Behind the bench, another perspective

Transition: A new judicial appointee is learning to shoulder the duties and responsibilities of an honor she has spent her professional life working toward.

The Making Of A Judge

July 14, 2002|By Lisa Goldberg | Lisa Goldberg,SUN STAFF

It's May 23, just minutes to show time, and Judge Pamila J. Brown is in a tizzy.

It's her first day sitting in judgment, a moment she has worked toward all her adult life, but, in reality, only crammed for during the past few weeks.

It's the day she'll hand down her first verdict, offer her first admonition, assess her first fine. From this day forward - amid a crush of drug and assault and traffic and minor civil cases - she'll be making decisions that, in a heartbeat, could set a life back on the right path or send it spiraling downward.

Pressure? What pressure?

It would help if something went right. It would help if she had a few more hours to spare.

She has barely had time to throw a few legal books and a yellow lined pad on her new bench in her new Howard County courtroom, and she still hasn't gotten the hang of the traffic computer with only minutes to go before she attempts to deal with more than 50 speeding cases.

"I'm stressing," she mumbles, almost to herself, her voice tight, her angular face wiped clean of its usual smile.

With a wipe of her glasses, a hug for bailiff Bernice Galbreath and a glance at her lifeline - Judge Neil Edward Axel, who will be sitting mute beside her for a time this day - she walks, heart hammering, out the chambers-area door and toward Courtroom 1, the one marked for the past two weeks with a new nameplate: "Pamila J. Brown."

"All rise ... "

April 4

Brown is in the midst of an important conference call just before 11 a.m. when she grabs a ringing line at the attorney general's office on Preston Street in Baltimore.

Gov. Parris N. Glendening would like to speak with her, she is told.

"He says, `I guess you know why I'm calling.' And I said, `I hope so,' " she recalls. "I said `Thank you' a thousand times. I was just babbling."

Six years after she first submitted her name for a District Court judgeship, she is Glendening's pick for the $111,500-a-year job.

Her 47 years of living and learning - from her childhood in Bel Air to her later life as a litigator, civic volunteer, wife and mother - are about to come crashing together.

She is euphoric.

The reality of the challenge will hit in a day or two. Ask any judge.

You spend years working and learning the law, building a reputation in the legal community, volunteering for bar association activities, rubbing shoulders with those in influence.

If you've impressed the right people, gained the right support and get lucky, the governor just might tap you to fill one of Maryland's 272 judicial slots. (In the past year, 28 lawyers and judges in Maryland have been appointed or elevated from a lower court to a higher court seat.)

Suddenly, in a few short weeks, you've got to disentangle yourself from one life and learn a new one, aided only by a few procedural and legal books and the brief guidance of busy colleagues.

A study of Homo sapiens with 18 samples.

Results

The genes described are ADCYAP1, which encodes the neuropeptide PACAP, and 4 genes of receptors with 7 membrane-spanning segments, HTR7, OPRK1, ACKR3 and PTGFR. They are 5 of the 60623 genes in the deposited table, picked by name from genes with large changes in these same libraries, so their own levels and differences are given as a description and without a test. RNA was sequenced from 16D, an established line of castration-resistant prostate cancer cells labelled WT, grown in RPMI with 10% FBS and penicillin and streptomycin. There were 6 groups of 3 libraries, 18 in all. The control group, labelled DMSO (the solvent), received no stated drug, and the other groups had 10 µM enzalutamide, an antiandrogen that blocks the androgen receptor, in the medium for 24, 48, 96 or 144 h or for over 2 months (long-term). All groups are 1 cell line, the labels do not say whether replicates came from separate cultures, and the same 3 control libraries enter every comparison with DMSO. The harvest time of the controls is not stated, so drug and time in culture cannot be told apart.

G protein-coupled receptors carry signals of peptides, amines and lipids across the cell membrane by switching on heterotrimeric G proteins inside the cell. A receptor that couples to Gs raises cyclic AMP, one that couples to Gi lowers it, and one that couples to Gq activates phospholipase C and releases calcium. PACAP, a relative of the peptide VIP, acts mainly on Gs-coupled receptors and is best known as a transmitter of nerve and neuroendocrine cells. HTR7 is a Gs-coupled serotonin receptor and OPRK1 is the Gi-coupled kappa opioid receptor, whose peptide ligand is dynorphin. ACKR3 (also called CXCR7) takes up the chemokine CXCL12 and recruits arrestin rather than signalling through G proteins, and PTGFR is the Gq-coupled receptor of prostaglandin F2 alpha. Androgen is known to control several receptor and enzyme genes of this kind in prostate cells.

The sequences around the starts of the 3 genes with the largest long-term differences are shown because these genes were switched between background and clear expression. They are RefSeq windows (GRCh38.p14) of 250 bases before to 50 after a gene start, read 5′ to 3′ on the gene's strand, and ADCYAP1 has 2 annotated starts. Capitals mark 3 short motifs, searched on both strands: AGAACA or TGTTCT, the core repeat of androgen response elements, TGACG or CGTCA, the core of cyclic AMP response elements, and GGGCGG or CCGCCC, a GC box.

Used to arguing a point, you've got to remember to keep your mouth shut. Used to letting your emotions show, you've got to keep a poker face. Used to taking a stand for your client, you've got to remain neutral.

No one said making the transition from advocate to arbiter would be easy.

But first, Brown has to call her family.

Her husband, Christopher Robinson, gets an emergency page.

"When I saw 911, I said, `I bet she got it,'" Robinson says.

March 1970

Pamila Brown was scared.

She had cut class at Bel Air High School, where her strict father taught, to steal a look at a piece of high legal drama.

Radical H. Rap Brown, charged with inciting violence in riot-scarred Cambridge on the Eastern Shore, was being tried in her hometown.

Outside the historic courthouse, the case had transformed sleepy Bel Air. There were roadblocks. A bomb detonated a few miles from the courthouse, killing two of H. Rap Brown's friends in their car.

Inside, famed civil liberties attorney William Kunstler thundered for the defense. Something about the way the wild-haired, radical lawyer spoke amid the turmoil stayed with the 15-year-old.

"I guess I was just drawn to it," she said.

The daughter of a social worker and a respected physical education teacher and coach, William "Bill" Brown, a world-class runner and medalist in the Pan-American Games, she was living in a time of turbulent social change.

As an African-American child during the earliest days of educational integration in Harford County, Pamila Brown felt the taint of racism. And she had listened as her parents participated in an interracial dialogue with a diverse group seeking ways to get along in a new world.

She would see Kunstler in action again in 1974 while studying political science at Macalester College in Minnesota.

His eloquence impressed her. So did his penchant for taking unsympathetic clients and cases that opened wounds and dealt with important social issues.

The political drama playing in courtrooms across America in those years and her growing awareness of the judiciary as an instrument of change pulled her toward the law, she said.